Thursday, October 27, 2005

Hamdan Again

Guest Blogger

Oona Hathaway

Tomorrow morning, the case of Hamdan v. Rumsfeld will once again come before the Supreme Court as it meets in conference. Already this year, the Court has held the case over an extremely unusual three times. It is now time that the Court do the right thing and take the case.

If the Court was waiting to discover whether a Justice Miers would likely recuse herself from the case—leaving it to be decided by only seven Justices (Chief Justice Roberts would recuse himself, because he was on the panel that decided the case below)—it can now stop waiting. Although the next nominee is not yet known, it seems highly unlikely that he or she will be someone who would have to recuse themselves from the case. And this is a case that deserves the Court’s attention—and deserves it now. Yes, it would be heard by an eight-member Court. But Quirin, which is the Government’s main support (the World War II case affirming, in limited circumstances, military tribunals), was itself the decision of an eight-Justice Court. What an eight-member Court did, an eight-member Court can (and should) revisit.

In a thoughtful and prescient dissent from the dismissal earlier this year of Medellin v. Dretke, Justice O’Connor wrote:
The Court dismisses the writ (and terminates federal proceedings) on the basis of speculation: Medellín might obtain relief in new state court proceedings—because of the President’s recent memorandum about whose constitutionality the Court remains rightfully agnostic, or he might be unable to secure ultimate relief in federal court—because of questions about whose resolution the Court is likewise, rightfully, undecided. These tentative predictions are not, in my view, reason enough to avoid questions that are as compelling now as they were when we granted a writ of certiorari, and that remain properly before this Court. It seems to me unsound to avoid questions of national importance when they are bound to recur. [125 S.Ct. 2088, 2105 (O’Connor, J., dissenting, joined by Stevens, J., Souter, J., and Breyer, J.) (emphasis added).]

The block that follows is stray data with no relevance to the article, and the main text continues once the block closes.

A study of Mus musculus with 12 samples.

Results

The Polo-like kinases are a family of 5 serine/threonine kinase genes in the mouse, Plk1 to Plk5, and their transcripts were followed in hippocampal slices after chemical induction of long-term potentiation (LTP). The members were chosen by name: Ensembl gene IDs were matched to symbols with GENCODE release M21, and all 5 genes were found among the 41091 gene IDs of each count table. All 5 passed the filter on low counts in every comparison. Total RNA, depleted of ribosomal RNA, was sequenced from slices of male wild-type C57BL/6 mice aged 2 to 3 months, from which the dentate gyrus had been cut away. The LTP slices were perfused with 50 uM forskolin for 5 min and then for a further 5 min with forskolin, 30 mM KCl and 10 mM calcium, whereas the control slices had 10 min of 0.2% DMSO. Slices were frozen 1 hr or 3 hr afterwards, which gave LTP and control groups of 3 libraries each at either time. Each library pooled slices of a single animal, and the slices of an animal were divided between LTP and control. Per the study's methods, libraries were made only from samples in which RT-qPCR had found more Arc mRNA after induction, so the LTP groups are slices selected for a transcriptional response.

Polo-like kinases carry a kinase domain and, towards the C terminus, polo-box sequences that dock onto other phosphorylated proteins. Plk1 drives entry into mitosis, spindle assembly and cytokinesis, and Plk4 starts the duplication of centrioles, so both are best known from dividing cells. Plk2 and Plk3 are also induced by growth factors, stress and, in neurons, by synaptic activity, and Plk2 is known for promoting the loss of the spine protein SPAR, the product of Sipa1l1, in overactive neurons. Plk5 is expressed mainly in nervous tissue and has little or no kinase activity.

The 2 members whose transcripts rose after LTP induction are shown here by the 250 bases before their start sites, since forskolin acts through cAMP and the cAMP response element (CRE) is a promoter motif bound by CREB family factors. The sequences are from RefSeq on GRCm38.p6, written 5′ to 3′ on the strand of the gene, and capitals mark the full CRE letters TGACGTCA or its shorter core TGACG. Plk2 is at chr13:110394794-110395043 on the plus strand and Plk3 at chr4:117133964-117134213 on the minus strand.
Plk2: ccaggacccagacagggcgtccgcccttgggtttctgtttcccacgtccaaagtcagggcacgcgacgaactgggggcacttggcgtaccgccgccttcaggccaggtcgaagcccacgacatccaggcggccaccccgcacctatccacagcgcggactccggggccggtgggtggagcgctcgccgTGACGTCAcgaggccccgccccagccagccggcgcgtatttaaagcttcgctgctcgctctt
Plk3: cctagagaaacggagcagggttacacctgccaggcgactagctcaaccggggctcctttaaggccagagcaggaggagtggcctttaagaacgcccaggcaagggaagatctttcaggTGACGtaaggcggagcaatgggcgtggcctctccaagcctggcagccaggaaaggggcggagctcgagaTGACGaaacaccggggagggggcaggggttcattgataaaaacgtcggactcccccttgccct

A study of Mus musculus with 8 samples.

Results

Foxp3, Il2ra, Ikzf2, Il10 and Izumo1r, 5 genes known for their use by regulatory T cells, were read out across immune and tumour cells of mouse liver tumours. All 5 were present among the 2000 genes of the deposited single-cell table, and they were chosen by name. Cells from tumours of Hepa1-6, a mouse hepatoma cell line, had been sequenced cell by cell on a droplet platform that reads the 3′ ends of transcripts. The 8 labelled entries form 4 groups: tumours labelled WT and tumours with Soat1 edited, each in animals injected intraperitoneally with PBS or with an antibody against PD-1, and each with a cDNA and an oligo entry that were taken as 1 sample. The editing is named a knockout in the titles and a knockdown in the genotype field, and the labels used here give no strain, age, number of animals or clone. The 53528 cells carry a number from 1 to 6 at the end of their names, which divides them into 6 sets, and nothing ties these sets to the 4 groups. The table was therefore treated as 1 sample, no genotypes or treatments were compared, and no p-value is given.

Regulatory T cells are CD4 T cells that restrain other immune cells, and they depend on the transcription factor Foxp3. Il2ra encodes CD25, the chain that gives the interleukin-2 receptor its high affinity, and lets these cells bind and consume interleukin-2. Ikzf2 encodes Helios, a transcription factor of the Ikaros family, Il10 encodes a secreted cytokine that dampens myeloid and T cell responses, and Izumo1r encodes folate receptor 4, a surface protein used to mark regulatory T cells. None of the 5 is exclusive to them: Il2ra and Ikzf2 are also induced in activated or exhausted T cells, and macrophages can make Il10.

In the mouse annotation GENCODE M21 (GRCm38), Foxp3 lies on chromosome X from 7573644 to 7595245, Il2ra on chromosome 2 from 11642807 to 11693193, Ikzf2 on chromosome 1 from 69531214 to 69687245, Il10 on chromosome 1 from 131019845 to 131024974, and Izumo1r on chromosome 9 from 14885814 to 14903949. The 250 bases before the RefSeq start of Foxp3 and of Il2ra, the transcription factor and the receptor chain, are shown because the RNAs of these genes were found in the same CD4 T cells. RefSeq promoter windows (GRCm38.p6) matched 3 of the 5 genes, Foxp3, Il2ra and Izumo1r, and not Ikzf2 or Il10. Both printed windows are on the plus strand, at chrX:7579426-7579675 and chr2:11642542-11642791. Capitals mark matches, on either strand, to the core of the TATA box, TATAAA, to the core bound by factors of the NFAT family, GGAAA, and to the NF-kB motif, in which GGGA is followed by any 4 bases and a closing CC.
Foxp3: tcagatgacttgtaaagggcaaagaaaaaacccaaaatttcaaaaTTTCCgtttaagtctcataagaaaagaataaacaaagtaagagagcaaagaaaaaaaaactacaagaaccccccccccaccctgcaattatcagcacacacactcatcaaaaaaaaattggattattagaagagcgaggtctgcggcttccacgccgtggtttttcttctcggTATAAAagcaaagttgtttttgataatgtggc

What she said in that case is just as true today in Hamdan.

The merits of the case itself are clear, and I won’t repeat them all here. Suffice it to say that the D.C. Circuit’s decision to allow the use of secret evidence and to not permit the protections granted by the Geneva Conventions to be enforced in federal court deeply undermines international law and human rights here and around the world. Yesterday, 450 law professors (including myself) issued a statement urging the Court to grant certiorari in Hamdan to address “foundational questions” involving “the relationship between the President's constitutional powers as Commander-in-Chief and the existing constitutional, statutory, and international rules and tribunals that govern the conduct of war.” The text of the letter is available here.